Winter is just around the corner. It's almost time to break out the firewood. Before you do that, however, you need to make sure that your fireplace is ready for its first fire. Even if you think your fireplace is ready for winter, there may be dangers that you're not aware of. Those hidden dangers can lead to hazardous situations, including chimney fires. Before you light your first piece of firewood, here are three things you'll need to do.

Clean the Chimney

Each time you burn wood in your fireplace, traces of creosote are left behind. Over time, your chimney may become coated with the oily substance. Unfortunately, creosote is also extremely flammable. Before you use your fireplace this winter, you need to have the chimney cleaned by a professional chimney sweep. They'll remove the creosote and ash that might have been left behind from last winter.

Check for Damage

If you have a brick chimney, it can develop cracks that can undermine the structural integrity of your fireplace. Cracks can be caused by soil settling, foundational shifting, and earthquakes. Before you start using your fireplace this winter, go out and check your chimney for signs of damage. Look for cracks around the bricks. If you have a stucco-finished fireplace, look for cracks in the stucco. These cracks should be repaired before you use your fireplace again.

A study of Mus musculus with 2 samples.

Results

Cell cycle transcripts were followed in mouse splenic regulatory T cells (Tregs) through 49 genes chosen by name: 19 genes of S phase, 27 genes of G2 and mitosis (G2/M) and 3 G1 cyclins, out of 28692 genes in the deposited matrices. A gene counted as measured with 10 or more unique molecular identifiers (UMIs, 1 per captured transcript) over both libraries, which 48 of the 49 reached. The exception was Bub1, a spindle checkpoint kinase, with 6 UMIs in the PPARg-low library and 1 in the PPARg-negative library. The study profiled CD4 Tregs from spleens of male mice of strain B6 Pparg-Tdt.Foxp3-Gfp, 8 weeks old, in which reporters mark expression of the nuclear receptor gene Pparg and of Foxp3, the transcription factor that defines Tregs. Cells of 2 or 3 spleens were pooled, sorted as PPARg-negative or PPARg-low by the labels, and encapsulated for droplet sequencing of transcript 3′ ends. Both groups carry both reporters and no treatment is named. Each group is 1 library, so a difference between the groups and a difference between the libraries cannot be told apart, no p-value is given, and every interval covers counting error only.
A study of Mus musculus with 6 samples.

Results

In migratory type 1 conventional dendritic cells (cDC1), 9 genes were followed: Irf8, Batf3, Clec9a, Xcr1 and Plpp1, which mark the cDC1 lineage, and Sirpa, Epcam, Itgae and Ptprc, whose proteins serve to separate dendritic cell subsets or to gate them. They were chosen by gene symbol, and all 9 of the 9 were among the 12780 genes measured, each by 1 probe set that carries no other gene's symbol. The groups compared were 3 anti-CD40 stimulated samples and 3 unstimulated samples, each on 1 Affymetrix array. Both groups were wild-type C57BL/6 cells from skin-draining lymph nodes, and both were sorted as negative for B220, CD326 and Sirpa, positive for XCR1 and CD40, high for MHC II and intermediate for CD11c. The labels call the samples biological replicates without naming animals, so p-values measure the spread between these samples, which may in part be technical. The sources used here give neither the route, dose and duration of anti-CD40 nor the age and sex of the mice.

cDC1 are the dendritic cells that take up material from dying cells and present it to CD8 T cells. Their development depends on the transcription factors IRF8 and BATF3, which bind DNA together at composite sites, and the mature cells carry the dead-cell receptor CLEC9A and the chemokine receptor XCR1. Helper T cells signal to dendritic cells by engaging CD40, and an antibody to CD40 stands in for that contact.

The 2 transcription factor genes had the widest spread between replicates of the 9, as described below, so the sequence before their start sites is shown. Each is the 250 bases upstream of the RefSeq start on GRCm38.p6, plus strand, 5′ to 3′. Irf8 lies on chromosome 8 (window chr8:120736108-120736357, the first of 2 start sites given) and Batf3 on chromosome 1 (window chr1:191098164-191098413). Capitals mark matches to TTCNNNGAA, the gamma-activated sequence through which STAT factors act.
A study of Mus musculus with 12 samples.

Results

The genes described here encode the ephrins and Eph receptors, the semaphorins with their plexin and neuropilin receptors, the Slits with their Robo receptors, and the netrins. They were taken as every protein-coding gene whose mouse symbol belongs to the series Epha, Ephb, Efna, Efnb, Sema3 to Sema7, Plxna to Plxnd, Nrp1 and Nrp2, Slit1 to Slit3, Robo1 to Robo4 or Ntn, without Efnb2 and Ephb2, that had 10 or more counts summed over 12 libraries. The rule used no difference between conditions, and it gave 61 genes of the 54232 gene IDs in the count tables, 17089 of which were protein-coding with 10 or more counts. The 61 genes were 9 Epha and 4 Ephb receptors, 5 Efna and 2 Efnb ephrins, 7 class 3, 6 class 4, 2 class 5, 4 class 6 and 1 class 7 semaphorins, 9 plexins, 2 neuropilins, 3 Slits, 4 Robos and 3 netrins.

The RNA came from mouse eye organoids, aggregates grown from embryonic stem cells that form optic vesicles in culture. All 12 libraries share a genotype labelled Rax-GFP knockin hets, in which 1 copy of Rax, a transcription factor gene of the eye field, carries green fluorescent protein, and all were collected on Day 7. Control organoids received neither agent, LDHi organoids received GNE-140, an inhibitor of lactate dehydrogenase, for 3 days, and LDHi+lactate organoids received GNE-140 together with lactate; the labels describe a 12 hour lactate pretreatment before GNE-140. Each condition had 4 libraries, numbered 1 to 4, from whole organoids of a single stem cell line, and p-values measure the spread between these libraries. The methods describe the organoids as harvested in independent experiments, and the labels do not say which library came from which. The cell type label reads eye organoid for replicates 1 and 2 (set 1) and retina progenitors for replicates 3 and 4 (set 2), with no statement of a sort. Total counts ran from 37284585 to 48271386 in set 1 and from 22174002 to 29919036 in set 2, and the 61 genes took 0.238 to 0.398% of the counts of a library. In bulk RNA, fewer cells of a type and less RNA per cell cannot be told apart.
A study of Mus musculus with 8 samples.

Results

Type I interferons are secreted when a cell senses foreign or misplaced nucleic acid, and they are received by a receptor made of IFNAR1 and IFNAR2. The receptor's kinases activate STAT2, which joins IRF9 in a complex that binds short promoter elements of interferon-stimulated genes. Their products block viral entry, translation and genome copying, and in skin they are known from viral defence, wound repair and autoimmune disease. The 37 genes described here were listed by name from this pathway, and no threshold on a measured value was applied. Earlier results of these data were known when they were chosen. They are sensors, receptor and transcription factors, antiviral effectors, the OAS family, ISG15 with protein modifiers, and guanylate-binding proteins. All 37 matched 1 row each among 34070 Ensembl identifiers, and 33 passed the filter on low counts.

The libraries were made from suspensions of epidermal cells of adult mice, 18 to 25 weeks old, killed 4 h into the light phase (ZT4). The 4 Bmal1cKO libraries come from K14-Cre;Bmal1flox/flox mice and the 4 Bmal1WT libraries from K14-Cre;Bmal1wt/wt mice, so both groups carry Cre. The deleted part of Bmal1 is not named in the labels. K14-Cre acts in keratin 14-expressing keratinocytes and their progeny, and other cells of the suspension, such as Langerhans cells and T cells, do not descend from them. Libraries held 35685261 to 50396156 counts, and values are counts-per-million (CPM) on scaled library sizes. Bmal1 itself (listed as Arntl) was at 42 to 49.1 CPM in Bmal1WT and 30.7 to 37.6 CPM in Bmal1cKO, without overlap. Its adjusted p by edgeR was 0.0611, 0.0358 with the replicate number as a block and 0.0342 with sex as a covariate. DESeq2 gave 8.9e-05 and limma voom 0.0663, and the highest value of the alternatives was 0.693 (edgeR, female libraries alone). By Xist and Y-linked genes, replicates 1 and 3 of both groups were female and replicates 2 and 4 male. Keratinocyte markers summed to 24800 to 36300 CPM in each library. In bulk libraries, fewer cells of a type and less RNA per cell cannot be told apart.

Brick Repair

Repairing the cracks around your bricks is a relatively easy process. Scrape the old mortar away from the bricks using a wire brush. For this project, you'll need a bucket, a pie-tipped trowel and a wire brush. Mix your mortar compound according to package instructions. Use a pie-tipped trowel to place the mortar into the cracks. Scrape the excess off using the edge of your trowel. Allow the mortar to air dry.

Stucco Repair

To repair cracks in the stucco, you can use a latex cement caulk. Use a wire brush to scrape away the dry stucco from inside the crack. Apply a thick strip of caulking to the crack. Scrape away the excess using the edge of a trowel. Allow the caulk to dry.

Look Inside Your Firebox

Once you've cleaned and repaired the chimney, you'll want to inspect the firebox. That's the area inside the fireplace where the firewood goes. Look for signs of damage, including cracks in the fireplace walls. If you see cracks in the walls, don't use your fireplace. The embers could escape through the cracks and cause a house fire.

With winter around the corner, it's time to get your fireplace ready. Use the tips provided here to make sure your fireplace is safe to use this winter. If you have problems with your fireplace, be sure to contact a fireplace contractor, such as those at Alpine Fireplaces, as soon as possible.